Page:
The Bangladesh Accord: Why the Fashion Industry Needs It

  • Written by Laura Wheatley
  • Published on 19 March 2019
  • Blogs

The Bangladesh Accord (Accord on Fire and Building Safety in Bangladesh) was set up following the Rana Plaza factory building collapse in 2013, to create safer working environments without fear of fires, building collapses or accidents. Legally-binding, the agreement between brands and trade unions covers Ready-Made-Garment (RMG) factories across Bangladesh. So far, the Accord has:

  • Overseen 35,222 factory inspections
  • Monitored 214 factory remediations
  • Trained 998 safety committees
  • Resolved 319 safety complaints


Photo credit: the Accord on Fire and Building Safety in Bangladesh

Rana Plaza: the trigger for action

When the Rana Plaza factory building collapsed on 24th April 2013, at least 1,132 people were killed and 2,500 injured amongst the five garment factories housed there. The incident hit the retail industry hard and gained international response, with hundreds of supermarkets, fashion brands, suppliers and trade unions signing the Bangladesh Accord and the Alliance for Bangladesh Worker Safety.

Whilst the Rana Plaza building collapse has been described as one of the “worst industrial accidents on record” by the International Labour Organisation (ILO), it is far from the only incident of its kind. Five months earlier, 112 workers died after being trapped inside the burning Tazreen Fashions factory just a few miles away, on the outskirts of Dhaka. In February 2018, a fire in the Chawkbazar trading district in Dhaka, killed at least 70 people. Illegally stored and highly combustible chemicals were being stored in the buildings.

What now for the Bangladesh Accord?

The Accord was intended as a five-year agreement which came to an end in 2018 but an extension was granted to allow the remaining safety fixes to be completed. Currently, the Accord is challenging a High Court Directive asking it to cease all activities in November of last year, with a hearing adjourned to April 7th 2019. The fear is that national bodies do not yet have the capacity or resources to take on the Accord’s vital work.

The only reason why fire accidents in the garment industry [have] decreased is because Accord has constantly monitored the factories since 2013. […] If there’s a strong team to monitor the housing industry, a lot of fire accidents can be controlled.

Civil Engineering Professor, Ishtiaque Ahmed


Collaboration is essential to solving the ethical problems facing the fashion industry. Whilst it has been suggested that one solution is to abandon trade with Bangladesh, this could lead to mass unemployment and starvation, with brands moving their manufacturing to other sourcing countries with the same struggles. Cambodia’s mass faintings and Myanmar’s child labour highlight how widespread the issue of labour exploitation and unethical working conditions can be.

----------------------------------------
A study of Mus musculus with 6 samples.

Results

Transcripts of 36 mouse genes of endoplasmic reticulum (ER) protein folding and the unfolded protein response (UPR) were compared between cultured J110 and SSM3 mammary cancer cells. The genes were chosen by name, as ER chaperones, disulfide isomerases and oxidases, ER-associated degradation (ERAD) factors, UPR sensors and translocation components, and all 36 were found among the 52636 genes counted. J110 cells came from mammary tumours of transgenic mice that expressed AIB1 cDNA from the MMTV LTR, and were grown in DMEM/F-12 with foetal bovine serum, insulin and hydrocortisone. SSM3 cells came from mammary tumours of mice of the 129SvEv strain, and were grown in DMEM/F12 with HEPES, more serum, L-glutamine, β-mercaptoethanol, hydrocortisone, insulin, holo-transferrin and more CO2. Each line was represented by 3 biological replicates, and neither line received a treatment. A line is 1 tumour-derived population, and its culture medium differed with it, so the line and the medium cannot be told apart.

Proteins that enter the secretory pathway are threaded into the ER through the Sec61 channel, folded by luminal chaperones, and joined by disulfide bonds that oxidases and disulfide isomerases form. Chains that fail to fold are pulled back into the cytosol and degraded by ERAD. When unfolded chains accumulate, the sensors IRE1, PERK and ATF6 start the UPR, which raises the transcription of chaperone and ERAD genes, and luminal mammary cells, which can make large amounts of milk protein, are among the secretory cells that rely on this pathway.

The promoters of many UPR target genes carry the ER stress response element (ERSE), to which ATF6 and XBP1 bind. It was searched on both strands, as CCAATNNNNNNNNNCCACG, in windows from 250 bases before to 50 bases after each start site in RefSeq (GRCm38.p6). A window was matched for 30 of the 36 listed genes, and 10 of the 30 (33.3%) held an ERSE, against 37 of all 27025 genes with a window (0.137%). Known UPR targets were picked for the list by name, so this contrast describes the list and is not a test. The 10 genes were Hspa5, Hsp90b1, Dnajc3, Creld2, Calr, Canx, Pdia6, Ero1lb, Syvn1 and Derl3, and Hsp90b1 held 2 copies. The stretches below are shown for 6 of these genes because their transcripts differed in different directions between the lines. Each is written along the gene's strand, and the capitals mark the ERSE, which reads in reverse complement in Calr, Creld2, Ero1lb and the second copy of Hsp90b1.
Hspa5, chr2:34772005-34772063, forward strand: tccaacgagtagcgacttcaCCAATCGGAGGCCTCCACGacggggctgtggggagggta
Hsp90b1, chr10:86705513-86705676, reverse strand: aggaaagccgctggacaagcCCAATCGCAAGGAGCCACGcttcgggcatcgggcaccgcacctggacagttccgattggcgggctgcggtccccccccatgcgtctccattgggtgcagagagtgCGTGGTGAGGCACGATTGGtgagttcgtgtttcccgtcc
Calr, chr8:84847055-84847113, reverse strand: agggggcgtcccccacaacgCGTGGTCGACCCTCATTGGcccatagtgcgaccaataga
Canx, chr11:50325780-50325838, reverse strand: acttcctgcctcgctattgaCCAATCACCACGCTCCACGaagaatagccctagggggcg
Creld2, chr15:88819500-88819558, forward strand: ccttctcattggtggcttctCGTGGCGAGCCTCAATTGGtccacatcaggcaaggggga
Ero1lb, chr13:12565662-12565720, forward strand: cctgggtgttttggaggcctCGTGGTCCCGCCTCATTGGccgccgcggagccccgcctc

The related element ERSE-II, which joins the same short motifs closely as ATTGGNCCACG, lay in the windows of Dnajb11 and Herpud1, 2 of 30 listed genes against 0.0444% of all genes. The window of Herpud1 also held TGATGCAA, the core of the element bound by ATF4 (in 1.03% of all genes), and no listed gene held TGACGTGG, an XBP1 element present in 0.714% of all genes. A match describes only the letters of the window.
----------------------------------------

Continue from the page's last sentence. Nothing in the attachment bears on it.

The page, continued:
Trade is better than aid, and fair trade is better than unfair trade.

The Independent

Primarily, responsibility for working conditions lies with the governments of producing countries. Set standards can vary widely and legal compliance within the producing country may not equate to legal compliance within the country where the produced garments are being sold or the brand is based. Additionally, international standards informally require brands to take responsibility for the rights and working conditions within supplier factories; for example, UK’s Modern Slavery Act holds businesses responsible for slavery and exploitation within their supply chain.

Initiatives such as the Bangladesh Accord are the first step towards a collaborative approach. By working together and sharing information, it’s easier to not only identify but to address problems. In order to effectively share information, all parties require transparency and data over what is occurring both in their own supply chains and in the industry as a whole. Collaboration between businesses, the public, NGOs and the government will lead to greater transparency across all industries and sectors.

Sharing knowledge is crucial when it comes to tackling unethical supplier behaviour, and the Accord certainly seems to be aiming to do so.If the Bangladesh Accord fails to get renewed, are brands and local authorities read to go it alone? Or could we see another disaster like the Rana Plaza collapse?